Trait theory of leadership is one of the first academic theories of leadership and attempts to answer why some people are good leaders and others are not.
In fact the theory can be traced back to the nineteenth century, whereby a man called Thomas Carlyle used such understanding to identify the talents, skills and characteristics of men who rose to power.
The trait theory of leadership is based on the characteristics of many leaders – both successful and unsuccessful – and is used to predict leadership effectiveness. The resulting lists of traits are then compared to those of potential leaders to assess their likelihood of success or failure. Once found, the theory is that these natural leaders can then be nurtured to become great leaders.
Some of the most common leadership traits identified, are:
Traditionally, the most ardent versions of trait theory see these “leadership characteristics” as innate, and as such, some people are seen to be ‘born leaders’, due to their psychological makeup.
Proponents to this theory, which is now considered largely out of date, believe that leadership development consists of identifying and measuring leadership qualities, screening potential leaders from non-leaders, and then training those with potential.
In fact, modern thinking suggests that the above traits are little more than characteristics, which although some people can possess them naturally, can be learned, and built into one’s behaviours and thinking, thus affecting their leadership potential.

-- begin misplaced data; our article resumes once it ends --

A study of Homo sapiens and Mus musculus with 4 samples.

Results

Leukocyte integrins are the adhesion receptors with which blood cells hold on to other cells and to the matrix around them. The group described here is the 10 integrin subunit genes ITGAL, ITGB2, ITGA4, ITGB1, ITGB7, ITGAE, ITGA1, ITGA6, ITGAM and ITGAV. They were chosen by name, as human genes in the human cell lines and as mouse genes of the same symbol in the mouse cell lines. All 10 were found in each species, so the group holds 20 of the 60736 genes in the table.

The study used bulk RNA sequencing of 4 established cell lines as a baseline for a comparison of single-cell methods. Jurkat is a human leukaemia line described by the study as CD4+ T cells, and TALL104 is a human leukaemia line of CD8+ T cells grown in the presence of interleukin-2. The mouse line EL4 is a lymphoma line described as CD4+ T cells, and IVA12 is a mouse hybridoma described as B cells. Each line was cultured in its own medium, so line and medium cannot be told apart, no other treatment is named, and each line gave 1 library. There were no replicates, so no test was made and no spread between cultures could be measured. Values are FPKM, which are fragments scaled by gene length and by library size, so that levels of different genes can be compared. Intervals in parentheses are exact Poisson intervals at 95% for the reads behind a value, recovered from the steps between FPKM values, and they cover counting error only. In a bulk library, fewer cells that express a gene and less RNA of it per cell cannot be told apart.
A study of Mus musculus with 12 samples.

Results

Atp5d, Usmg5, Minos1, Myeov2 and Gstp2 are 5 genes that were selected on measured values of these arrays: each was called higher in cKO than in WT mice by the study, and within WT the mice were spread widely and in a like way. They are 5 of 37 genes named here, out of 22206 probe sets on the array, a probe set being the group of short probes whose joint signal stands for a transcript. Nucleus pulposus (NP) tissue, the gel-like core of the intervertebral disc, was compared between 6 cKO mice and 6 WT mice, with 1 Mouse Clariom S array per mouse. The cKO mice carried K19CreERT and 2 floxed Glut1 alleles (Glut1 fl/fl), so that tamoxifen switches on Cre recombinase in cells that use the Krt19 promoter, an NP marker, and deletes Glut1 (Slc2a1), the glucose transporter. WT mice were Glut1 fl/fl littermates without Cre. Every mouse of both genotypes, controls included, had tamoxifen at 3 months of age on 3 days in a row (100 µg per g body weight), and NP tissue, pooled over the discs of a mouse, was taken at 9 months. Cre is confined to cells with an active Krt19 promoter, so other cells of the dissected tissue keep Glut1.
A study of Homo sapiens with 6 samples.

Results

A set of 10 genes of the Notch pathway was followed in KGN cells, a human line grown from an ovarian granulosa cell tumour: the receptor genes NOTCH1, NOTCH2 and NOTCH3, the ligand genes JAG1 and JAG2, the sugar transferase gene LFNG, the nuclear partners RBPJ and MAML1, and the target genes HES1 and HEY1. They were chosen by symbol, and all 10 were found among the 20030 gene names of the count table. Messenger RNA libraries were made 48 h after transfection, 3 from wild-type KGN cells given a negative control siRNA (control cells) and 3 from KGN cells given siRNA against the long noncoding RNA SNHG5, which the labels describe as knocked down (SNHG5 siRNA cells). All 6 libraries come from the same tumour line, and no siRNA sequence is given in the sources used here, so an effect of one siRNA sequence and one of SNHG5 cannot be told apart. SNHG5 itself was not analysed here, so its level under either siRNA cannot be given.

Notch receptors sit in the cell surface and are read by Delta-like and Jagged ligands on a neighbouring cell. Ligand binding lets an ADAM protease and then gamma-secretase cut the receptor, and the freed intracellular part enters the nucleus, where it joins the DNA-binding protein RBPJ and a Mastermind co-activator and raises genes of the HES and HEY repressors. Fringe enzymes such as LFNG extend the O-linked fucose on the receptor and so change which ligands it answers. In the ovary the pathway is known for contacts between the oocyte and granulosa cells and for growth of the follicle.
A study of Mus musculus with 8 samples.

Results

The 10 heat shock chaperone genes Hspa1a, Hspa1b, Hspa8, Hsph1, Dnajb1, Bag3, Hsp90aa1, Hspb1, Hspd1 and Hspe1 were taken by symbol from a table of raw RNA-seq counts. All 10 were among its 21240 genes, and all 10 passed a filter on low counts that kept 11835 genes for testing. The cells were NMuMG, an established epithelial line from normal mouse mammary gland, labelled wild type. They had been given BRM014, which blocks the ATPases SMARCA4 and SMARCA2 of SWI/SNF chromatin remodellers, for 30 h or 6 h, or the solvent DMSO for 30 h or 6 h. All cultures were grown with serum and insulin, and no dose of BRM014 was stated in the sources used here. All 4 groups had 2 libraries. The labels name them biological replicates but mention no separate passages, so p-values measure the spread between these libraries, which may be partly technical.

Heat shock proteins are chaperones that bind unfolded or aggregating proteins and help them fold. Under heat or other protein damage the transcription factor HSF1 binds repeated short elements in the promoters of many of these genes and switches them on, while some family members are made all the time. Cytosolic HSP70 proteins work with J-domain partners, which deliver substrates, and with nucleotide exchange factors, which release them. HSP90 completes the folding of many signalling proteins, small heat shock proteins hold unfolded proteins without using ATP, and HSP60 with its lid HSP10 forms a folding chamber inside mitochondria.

In tandem with modern day thinking, leadership is seen as a skill to be mastered and therefore, the above characteristics can all be honed. As a result, it is prudent to first understand these ‘traits’ and then develop areas of weakness, in order to become a great leader yourself.
Step 1: Identify the typical traits of good leadership above, and start identifying where you believe your strengths and weaknesses are.
Step 2: Take the Trait Theory of Leadership Survey yourself.
Step 3: Share this survey with five other people in your team and whom know you as a leader, and get them to complete the assessment on how they perceive you as a leader.
Step 4: Submit all these findings and analyse where the gaps between how you see yourself and how others do too.
Step 5: Discuss the findings with the group and agree where you can improve.
Step 6: Develop a simple action plan of no more than 6 items to help improve your skills.